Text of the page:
McChrystal: Military Overdependent on Contractors
[Via Danger Room](http://www.wired.com/dangerroom/2010/04/contractors-in-the-crosshairs-in-washington-and-afghanistan/?utm_source=feedburner&utm_medium=feed&utm_campaign=Feed:+WiredDangerRoom+(Blog+-+Danger+Room)), Gen. Stanley McChrystal, commander of U.S. and NATO forces in Afghanistan, took a jaundiced view of the role of contractors in Afghanistan:
“I think we’ve gone too far,” McChrystal said at France’s IHEDN military institute. “I actually think we would be better to reduce the number of contractors involved.”
Alternatives could include increasing the number of troops “if necessary,” or “using a greater number of Afghan contractors, or Afghans to help with the mission,” he said.
McChrystal said the use of contractors was founded upon “good intentions,” such as to limit military commitments or to save money for governments.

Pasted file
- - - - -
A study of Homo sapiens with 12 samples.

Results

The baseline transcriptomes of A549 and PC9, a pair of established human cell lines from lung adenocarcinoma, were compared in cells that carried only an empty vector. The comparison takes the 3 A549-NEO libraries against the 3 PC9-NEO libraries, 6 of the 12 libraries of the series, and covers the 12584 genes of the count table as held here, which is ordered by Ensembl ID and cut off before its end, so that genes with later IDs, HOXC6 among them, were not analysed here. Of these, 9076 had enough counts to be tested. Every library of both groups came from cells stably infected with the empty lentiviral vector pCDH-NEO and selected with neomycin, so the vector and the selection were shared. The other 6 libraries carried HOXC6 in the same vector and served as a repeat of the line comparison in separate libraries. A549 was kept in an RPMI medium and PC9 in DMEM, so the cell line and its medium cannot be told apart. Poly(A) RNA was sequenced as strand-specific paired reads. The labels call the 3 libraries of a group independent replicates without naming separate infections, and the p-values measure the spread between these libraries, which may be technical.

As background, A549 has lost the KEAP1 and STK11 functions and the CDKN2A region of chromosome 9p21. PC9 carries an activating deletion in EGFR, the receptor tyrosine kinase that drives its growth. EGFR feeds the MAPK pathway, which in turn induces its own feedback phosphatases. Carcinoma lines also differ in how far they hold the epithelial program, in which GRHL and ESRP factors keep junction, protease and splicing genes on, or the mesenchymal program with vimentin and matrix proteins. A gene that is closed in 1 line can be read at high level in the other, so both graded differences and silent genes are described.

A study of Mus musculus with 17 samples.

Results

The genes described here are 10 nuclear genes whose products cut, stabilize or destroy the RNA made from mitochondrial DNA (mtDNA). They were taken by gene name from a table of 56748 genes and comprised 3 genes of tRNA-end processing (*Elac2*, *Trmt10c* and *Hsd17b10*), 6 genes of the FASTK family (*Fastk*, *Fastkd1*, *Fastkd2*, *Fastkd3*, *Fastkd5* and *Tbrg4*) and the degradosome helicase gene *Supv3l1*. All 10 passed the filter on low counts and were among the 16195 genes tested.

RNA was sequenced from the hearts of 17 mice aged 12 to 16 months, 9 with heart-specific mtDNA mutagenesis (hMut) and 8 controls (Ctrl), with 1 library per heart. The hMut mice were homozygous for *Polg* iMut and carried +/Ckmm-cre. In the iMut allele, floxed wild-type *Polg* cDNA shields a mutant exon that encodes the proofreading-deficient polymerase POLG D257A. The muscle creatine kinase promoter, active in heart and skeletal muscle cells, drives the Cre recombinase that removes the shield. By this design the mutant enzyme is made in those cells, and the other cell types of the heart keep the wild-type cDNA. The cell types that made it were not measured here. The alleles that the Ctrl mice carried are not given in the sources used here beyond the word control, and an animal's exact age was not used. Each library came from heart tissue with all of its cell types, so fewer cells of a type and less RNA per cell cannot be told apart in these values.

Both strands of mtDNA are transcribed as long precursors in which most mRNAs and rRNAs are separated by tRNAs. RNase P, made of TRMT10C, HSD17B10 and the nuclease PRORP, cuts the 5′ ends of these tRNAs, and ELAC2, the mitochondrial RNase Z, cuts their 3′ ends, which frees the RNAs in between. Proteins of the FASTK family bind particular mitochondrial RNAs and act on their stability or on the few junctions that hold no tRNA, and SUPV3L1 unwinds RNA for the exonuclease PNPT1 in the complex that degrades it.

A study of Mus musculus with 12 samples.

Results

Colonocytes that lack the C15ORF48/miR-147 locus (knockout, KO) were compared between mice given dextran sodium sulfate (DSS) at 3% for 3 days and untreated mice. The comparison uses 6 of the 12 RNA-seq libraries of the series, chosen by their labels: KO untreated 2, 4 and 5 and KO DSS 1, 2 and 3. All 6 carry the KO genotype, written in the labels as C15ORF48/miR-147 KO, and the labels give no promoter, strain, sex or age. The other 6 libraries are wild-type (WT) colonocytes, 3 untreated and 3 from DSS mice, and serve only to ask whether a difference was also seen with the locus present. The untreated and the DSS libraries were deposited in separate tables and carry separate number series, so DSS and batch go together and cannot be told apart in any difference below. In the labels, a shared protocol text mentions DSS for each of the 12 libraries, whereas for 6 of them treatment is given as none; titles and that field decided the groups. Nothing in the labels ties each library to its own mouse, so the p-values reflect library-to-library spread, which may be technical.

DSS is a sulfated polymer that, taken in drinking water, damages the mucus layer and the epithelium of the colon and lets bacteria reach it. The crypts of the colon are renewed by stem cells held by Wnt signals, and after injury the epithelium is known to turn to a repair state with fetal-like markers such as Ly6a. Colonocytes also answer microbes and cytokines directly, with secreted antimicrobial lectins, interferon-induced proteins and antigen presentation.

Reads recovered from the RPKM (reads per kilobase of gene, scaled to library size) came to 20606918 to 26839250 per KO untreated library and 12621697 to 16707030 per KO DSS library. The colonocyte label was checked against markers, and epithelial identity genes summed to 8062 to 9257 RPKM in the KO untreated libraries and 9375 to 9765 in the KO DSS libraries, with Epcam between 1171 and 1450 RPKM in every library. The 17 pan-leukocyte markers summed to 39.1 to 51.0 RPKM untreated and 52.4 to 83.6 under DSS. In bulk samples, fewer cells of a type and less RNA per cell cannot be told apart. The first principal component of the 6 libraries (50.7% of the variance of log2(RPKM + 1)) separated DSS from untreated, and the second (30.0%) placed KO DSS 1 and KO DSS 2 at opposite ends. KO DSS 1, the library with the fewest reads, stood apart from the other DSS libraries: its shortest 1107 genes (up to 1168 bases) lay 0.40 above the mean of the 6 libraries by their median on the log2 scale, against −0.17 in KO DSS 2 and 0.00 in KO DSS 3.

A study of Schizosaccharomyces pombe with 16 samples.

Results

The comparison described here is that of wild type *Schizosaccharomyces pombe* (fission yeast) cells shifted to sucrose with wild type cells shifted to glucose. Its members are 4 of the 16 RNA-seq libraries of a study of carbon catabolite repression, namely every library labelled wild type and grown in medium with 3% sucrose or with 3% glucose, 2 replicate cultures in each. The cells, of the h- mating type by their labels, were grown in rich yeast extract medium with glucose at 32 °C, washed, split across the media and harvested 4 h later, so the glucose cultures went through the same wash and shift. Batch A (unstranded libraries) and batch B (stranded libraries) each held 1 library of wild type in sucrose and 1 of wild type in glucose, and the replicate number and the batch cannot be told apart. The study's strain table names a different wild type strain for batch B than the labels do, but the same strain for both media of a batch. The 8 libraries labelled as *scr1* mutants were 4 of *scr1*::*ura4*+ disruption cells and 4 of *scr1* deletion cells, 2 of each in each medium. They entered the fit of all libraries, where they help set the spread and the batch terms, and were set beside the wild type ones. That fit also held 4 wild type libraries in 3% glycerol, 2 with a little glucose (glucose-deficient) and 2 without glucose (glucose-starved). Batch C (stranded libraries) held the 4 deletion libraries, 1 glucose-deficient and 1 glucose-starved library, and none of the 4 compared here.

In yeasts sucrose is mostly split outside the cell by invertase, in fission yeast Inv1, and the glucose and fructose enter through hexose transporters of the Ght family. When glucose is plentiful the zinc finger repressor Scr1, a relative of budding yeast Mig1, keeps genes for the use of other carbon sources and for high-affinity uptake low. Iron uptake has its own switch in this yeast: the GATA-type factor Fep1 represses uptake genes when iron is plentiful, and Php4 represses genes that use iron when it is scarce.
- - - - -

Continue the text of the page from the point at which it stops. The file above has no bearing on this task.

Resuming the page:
“I think it doesn’t save money,” he said. “We have created in ourselves a dependency on contractors that I think is greater than it ought to be.”
It doesn’t appear as if McChrystal distinguished between security contractors — what people tend to mean when they talk about the nefarious influence of contract personnel in war zones — and contractors for, say, food and laundry and development advice and logistics (who also have been involved in a lot of waste, fraud and abuse). Nathan Hodge at Danger Room is skeptical that anything will actually change as a result, since the alternative is to increase the size and function of the military significantly, and that’s loaded with political peril.
That said, one point McChrystal *didn’t apparently *make is that security contractors in Afghanistan aren’t obligated by law to follow the commander’s guidance for waging the war, something crucial in a battle for a local population’s political allegiances, since that population will distinguish between Americans and non-Americans, not U.S. troops and U.S. contractors. With the military prepared to award a new contract for assistance in training Afghan police, that’s a subject where McChrystal’s words could go a long way.